Common App Essay Prompts for 2018-19
It is an occurrence almost as rare as a total solar eclipse, a silent day on the President’s twitter account, and a Philadelphia Eagles Super Bowl appearance all rolled into one—this year, the Common App essay prompts will not be undergoing a single change.
Common App historians (all three of them), will remember the massive overhaul of 2013 and the meaningful tweaks of 2017. Yet in 2018-19, applicants will officially experience the pleasure of continuity. This is in large part because this year’s seven prompts received overwhelmingly rave reviews from admissions professionals. Over 90% of surveyed admissions officers, guidance counselors, parents, and students continue to rate the selections positively.
We at College Transitions concur—the current list offers a bevy of quality options that affords students full opportunity to craft their best and most intimate 650 word essay. Let’s take a quick look at these options:
What are my choices?
#1. Some students have a background, identity, interest or talent that is so meaningful they believe their application would be incomplete without it. If this sounds like you, then please share your story.
#2. The lessons we take from obstacles we encounter can be fundamental to later success. Recount a time when you faced a challenge, setback, or failure. How did it affect you, and what did you learn from the experience?
#3. Reflect on a time when you questioned or challenged a belief or idea. What prompted your thinking? What was the outcome?
#4. Describe a problem you’ve solved or a problem you’d like to solve. It can be an intellectual challenge, a research query, an ethical dilemma — anything that is of personal importance, no matter the scale. Explain its significance to you and what steps you took or could be taken to identify a solution.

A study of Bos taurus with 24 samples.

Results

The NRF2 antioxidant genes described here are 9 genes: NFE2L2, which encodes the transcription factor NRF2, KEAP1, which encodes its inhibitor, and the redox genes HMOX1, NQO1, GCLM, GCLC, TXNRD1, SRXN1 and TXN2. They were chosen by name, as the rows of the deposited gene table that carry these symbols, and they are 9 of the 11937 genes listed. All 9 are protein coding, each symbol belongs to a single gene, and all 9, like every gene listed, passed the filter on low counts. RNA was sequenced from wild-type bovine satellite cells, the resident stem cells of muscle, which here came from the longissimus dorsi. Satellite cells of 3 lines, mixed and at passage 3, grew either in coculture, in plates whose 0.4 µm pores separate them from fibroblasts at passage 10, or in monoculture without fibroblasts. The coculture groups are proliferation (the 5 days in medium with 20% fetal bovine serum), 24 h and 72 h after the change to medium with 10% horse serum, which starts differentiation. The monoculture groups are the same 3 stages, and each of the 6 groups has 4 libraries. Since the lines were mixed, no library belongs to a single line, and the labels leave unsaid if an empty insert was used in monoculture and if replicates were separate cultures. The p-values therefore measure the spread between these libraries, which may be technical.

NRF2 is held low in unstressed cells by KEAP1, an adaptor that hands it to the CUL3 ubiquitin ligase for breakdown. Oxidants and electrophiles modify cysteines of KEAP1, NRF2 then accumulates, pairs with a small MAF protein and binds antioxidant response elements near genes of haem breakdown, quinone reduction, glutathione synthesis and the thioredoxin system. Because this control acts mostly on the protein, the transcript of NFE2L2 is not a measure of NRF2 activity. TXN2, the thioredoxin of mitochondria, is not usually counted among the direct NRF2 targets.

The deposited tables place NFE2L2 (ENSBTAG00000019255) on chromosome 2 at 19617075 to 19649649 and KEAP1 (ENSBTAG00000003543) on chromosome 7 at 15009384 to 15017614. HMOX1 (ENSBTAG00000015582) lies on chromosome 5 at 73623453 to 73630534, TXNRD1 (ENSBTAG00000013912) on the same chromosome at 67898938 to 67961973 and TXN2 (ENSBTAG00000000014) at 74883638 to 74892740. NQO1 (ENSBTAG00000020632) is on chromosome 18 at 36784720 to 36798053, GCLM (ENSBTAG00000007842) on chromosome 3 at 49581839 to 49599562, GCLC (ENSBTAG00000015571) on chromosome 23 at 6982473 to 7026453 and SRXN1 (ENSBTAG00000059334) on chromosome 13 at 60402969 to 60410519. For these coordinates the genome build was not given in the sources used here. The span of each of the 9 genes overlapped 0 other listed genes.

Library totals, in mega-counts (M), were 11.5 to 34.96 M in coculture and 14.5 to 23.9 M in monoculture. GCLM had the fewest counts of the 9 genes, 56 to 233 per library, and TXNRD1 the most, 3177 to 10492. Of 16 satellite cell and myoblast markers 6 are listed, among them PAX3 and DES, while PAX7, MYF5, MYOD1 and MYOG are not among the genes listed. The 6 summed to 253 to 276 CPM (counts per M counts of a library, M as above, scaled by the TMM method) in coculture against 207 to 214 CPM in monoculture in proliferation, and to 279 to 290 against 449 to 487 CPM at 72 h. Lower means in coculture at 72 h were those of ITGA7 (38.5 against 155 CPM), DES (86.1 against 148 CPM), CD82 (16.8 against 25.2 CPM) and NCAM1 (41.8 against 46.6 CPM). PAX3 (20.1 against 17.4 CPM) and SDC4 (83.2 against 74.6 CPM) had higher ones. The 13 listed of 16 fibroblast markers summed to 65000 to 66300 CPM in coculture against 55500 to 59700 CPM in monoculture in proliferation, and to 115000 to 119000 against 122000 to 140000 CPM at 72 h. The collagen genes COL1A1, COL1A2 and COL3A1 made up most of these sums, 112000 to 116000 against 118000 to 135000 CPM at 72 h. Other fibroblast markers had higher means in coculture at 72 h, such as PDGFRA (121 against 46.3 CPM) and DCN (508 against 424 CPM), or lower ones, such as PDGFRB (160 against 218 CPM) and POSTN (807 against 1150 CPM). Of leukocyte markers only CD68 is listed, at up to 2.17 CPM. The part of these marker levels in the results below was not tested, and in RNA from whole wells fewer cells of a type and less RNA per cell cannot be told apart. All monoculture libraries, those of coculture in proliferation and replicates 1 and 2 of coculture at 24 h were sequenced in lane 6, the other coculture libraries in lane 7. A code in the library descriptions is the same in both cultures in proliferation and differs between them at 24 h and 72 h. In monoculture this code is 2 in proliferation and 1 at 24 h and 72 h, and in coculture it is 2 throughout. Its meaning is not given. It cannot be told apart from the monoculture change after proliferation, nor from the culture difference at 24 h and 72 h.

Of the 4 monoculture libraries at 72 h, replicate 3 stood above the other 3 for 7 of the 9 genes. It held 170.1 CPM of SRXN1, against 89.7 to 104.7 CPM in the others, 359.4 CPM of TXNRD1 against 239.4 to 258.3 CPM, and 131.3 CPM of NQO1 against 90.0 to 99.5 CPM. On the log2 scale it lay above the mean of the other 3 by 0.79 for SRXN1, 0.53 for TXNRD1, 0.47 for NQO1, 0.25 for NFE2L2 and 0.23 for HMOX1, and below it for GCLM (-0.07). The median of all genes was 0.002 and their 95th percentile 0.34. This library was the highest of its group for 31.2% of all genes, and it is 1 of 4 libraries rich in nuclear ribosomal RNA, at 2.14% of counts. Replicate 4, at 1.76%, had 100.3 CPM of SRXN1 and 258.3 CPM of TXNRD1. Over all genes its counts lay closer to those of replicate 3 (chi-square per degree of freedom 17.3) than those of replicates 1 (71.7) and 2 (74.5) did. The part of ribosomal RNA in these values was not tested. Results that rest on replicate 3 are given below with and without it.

#5. Discuss an accomplishment, event, or realization that sparked a period of personal growth and a new understanding of yourself or others.
#6. Describe a topic, idea, or concept you find so engaging that it makes you lose all track of time. Why does it captivate you? What or who do you turn to when you want to learn more?
#7. Share an essay on any topic of your choice. It can be one you’ve already written, one that responds to a different prompt, or one of your own design.
Get started early
For juniors, there is no time like the present to start on your Common App essay. Your senior year will be an overwhelming barrage of academic and admissions tasks and, unfortunately, there are very few admissions-related steps you can complete ahead of time. Teens applying a large number of institutions are too often unaware of the fact that many schools also require the submission of supplementary school-specific essays. This “October Surprise” can result in essay overload and, trust us (we’ve seen it), dramatically hurt the product. Further, these supplementary essay prompts can change as late as August, when the Common App goes live—whereas the Common App general prompts are solidified well in advance.
While the summer before senior year typically presents as the ideal time to knock out a first draft, it never hurts to get started in the prior spring by at least dedicating some time toward narrowing down your potential topics and jotting down ideas.
More essay advice from College Transitions
Selecting the prompt that will help you best tell your most unique and compelling story is your first task in this important process. For guidance on making this selection, revisit our piece offering advice on how to pick the best prompt for you.
As you ponder potential topics, it’s critical that you avoid sensitive areas that will make even the best writers produce an essay that is less-than-optimally effective. As essay-editing professionals who have seen our share of uncomfortable/awkward/TMI over the years, we share our Five Essay Topics to Avoid.
Lastly, we encourage you to revisit our Simple Truths about the College Essay, a great starting point for anyone beginning the brainstorming and pre-writing process.
Happy writing, everyone!
Dave has over a decade of professional experience that includes work as a teacher, high school administrator, college professor, and independent educational consultant. He is a co-author of the books The Enlightened College Applicant (Rowman & Littlefield, 2016) and Colleges Worth Your Money (Rowman & Littlefield, 2020).